Responsible business is a growing trend today among futuristic businesses. Be it a strategy, be it a pursuit of purpose beyond profits, practice of responsible business has now proved its case across its many avatars – CSR, ethics, governance, sustainability, environment, reporting and so on. Against a majority of still business-as-usual organizations, a rising trend of businesses keen on maturing on higher responsibility is clearly visible.
The policy environment in recent times has nudged the business sector in the right direction: National voluntary guidelines, the 2% norm on CSR spends, SEBI norms on Business Responsibility Reports, Integrated Reporting etc.
An important question is, whether management education in India, as a sector, is doing justice to this evolution of Responsible Business, mastering and mainstreaming it to lead the practitioners to the next level.
Institutes which adopt and teach Responsible Business do exist. A set of IIMs and several other institutes (XLRI, SPJMR, TERI, Symbiosis, and XIMB etc.) have taken committed steps to teach Responsible Business, and are creating positive change in varied ways. But an all pervasive, whole hearted adoption with a fair degree of integration by the B-school sector as a whole seems to be still a distant reality.
While we can name B-schools which teach Responsible Business, we do not know the exact percentage of B-schools in India who have adopted Responsible Business in their curriculum- since studies available are based on responses from adopter institutes themselves.
The institutes which teach responsible business do so with a high degree of variance too. Some offer it as an elective or as a core (mandatory) subject. A few offer exclusive focus on sustainability. Very few take up research in the area and still fewer have taken up the challenge of integration.
The most challenging part of incorporating Responsible Business in management education is that it needs a special focus as a standalone to offer the right orientation, and at the same time, being an umbrella construct cutting across all subjects, needs a conscious integration into each subject.
Integration is challenging because it must manage to reconcile the apparent conflict between the business-as-usual approach taught so far and the evolved approach demanded by the Responsible Business ideology. This conflict is difficult to manage at all levels- right from curriculum development to faculty orientation to student appreciation and knowledge assimilation.
Add to this set, the related issues in lack of faculty development, sparse research studies, insufficient reading material, uncertain industry demand and so on, and you get the complex picture.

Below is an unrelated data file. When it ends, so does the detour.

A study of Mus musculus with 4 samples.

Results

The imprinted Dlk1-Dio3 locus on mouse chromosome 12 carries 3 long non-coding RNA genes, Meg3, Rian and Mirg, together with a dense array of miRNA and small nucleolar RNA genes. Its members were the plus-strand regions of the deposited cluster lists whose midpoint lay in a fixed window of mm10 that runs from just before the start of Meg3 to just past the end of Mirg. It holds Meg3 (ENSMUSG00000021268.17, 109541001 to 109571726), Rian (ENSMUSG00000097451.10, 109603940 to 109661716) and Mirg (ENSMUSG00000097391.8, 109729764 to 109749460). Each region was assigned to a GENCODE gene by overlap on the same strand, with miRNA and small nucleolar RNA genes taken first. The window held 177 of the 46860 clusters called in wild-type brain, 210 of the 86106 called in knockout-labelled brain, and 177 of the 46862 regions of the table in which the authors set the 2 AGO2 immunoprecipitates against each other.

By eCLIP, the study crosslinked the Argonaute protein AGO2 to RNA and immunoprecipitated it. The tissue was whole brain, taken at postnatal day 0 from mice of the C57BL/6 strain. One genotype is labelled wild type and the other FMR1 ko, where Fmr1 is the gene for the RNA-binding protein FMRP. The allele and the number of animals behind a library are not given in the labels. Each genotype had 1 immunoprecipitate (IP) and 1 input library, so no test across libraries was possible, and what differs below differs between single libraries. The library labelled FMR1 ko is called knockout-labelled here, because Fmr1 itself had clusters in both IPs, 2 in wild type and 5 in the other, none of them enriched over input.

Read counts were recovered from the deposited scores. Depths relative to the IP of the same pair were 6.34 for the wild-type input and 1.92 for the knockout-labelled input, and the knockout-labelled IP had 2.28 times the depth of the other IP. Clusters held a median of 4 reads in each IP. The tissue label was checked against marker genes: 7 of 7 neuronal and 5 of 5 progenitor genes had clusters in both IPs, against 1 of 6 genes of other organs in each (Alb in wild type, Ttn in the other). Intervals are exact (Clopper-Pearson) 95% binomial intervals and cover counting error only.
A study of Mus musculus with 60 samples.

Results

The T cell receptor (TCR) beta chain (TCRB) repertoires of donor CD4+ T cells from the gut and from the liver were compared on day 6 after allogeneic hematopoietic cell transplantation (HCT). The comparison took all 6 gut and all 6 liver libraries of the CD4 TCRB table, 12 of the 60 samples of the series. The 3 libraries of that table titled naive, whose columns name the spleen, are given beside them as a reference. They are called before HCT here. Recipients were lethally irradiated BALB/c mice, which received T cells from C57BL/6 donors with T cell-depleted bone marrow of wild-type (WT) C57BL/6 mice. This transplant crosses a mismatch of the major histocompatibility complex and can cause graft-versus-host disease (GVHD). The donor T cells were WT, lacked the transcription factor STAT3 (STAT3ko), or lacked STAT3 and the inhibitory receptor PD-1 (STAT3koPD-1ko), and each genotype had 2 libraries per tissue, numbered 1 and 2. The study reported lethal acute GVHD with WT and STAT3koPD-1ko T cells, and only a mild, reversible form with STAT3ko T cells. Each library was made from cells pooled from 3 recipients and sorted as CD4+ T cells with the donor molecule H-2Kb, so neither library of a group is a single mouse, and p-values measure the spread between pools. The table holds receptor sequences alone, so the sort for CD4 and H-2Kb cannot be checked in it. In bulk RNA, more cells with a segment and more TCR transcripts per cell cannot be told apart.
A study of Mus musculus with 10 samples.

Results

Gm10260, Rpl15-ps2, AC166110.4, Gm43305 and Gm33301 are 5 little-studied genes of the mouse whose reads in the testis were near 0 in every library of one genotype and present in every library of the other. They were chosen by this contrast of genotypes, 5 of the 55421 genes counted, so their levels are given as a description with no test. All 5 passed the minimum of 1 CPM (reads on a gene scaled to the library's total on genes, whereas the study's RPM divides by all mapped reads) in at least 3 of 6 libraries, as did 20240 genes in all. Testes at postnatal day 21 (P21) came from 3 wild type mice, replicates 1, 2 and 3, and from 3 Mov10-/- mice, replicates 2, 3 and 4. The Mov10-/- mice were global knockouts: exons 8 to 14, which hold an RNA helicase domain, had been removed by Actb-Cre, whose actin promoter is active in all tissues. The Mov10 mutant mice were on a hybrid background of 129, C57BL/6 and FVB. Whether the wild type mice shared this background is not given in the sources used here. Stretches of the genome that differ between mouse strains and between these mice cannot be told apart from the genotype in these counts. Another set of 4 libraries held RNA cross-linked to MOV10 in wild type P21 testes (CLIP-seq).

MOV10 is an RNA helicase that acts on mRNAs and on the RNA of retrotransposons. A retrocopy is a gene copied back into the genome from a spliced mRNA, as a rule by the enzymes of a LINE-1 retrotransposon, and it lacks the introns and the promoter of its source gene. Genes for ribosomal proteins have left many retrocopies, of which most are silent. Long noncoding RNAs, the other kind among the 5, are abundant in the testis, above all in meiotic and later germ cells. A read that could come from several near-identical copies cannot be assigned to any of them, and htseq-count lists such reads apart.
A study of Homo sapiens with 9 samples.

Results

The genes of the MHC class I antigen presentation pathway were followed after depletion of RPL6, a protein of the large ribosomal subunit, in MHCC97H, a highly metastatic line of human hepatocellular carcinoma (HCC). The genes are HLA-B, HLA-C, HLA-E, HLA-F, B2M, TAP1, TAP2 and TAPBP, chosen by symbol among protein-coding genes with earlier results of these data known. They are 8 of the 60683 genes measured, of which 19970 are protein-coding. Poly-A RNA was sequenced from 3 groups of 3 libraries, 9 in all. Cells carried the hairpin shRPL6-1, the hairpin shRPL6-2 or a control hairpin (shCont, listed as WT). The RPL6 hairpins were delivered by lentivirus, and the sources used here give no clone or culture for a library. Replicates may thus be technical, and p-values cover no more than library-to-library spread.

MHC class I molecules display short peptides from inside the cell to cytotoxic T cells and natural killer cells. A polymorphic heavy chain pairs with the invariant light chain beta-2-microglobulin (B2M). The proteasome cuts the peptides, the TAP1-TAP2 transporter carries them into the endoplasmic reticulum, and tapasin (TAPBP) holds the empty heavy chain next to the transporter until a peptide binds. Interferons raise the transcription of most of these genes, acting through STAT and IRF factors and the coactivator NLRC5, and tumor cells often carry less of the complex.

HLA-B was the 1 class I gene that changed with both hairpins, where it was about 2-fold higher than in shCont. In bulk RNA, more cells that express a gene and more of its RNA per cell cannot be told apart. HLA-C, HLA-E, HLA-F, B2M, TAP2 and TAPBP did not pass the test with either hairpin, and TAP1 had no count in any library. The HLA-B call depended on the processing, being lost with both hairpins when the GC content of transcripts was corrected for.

The complexity perhaps explains why several B-schools have managed to initiate and introduce Responsible Business into the curriculum but have stopped short of integrating it across subjects.
Not that inspiration to do so is lacking. Sometimes, inspiration could lie in surprising sources. An IIMB study (Working paper #362, IIMB, , Srinivasan, Srinivasan and Anand, 2012) states 43 universities as having integrated ECCE subjects (Ethics, Corporate Governance, CSR, Environment) within their curriculum across different subjects. The early integration instances from the Universities confirms that the challenging task of integration is an achievable one. B-schools must inspire themselves and each other to meet the challenge in much newer and efficient ways befitting their unique capabilities.
Not just introduction of Responsible Business in management education but its integration is the most crucial imperative today.
Irresponsible business practices by industry segments which continue to play cold and blind to business responsibility surely indicate a need for such an integration by all B-schools. On the other hand, now that futuristic industry segments are showing clear signs of warming up to responsible business, it is only fair to expect the Education sector to heat up in response! Either way, it is an imperative for B-schools.
To speed up the adoption and integration in the sector, B-schools with proven experience in adoption and integration of Responsible business can today lead the novices in many ways. What management education in India needs are platforms to connect the two segments, evoking a cross-pollination of ideas, sharing of best practices, peer-to-peer learning opportunities for mainstreaming Responsible Business. Forums which are integrative, collaborative are the need of the hour.
One such endeavour to connect academicians in Responsible Business has been undertaken by CRB (Center for Responsible Business), a New Delhi based global think tank. CRB launched a forum for management educators in 2016, as a part of its annual international conference India and Sustainability Standards. The forum brought together management fraternity across India and beyond, under one roof to discuss Responsible Business education. In 2017, the form moves on to discuss the integration challenges. Co-hosted by UNPRME this year, the forum plans to evolve into a strong fraternity platform for Responsible Business educators.
Time has come for management academicians to flock together, exchange experiences, concerns, learn from each other, look at best ways to mainstream and integrate responsible business in shorter time spans and start producing holistic management professionals –not split and torn anymore between business-as-usual and responsible business concepts but professionals integrated in responsibility towards value-creation on multiple bottom lines.
(About the Author: Dr Sangeeta Mansur, Founder-catalyst, Bhairavi Business & Consultancy.)
Disclaimer: The views and opinions expressed in the article are solely of the author in personal capacity and does not in any way represent views of any institution, entity or organisation that the author may has been associated with.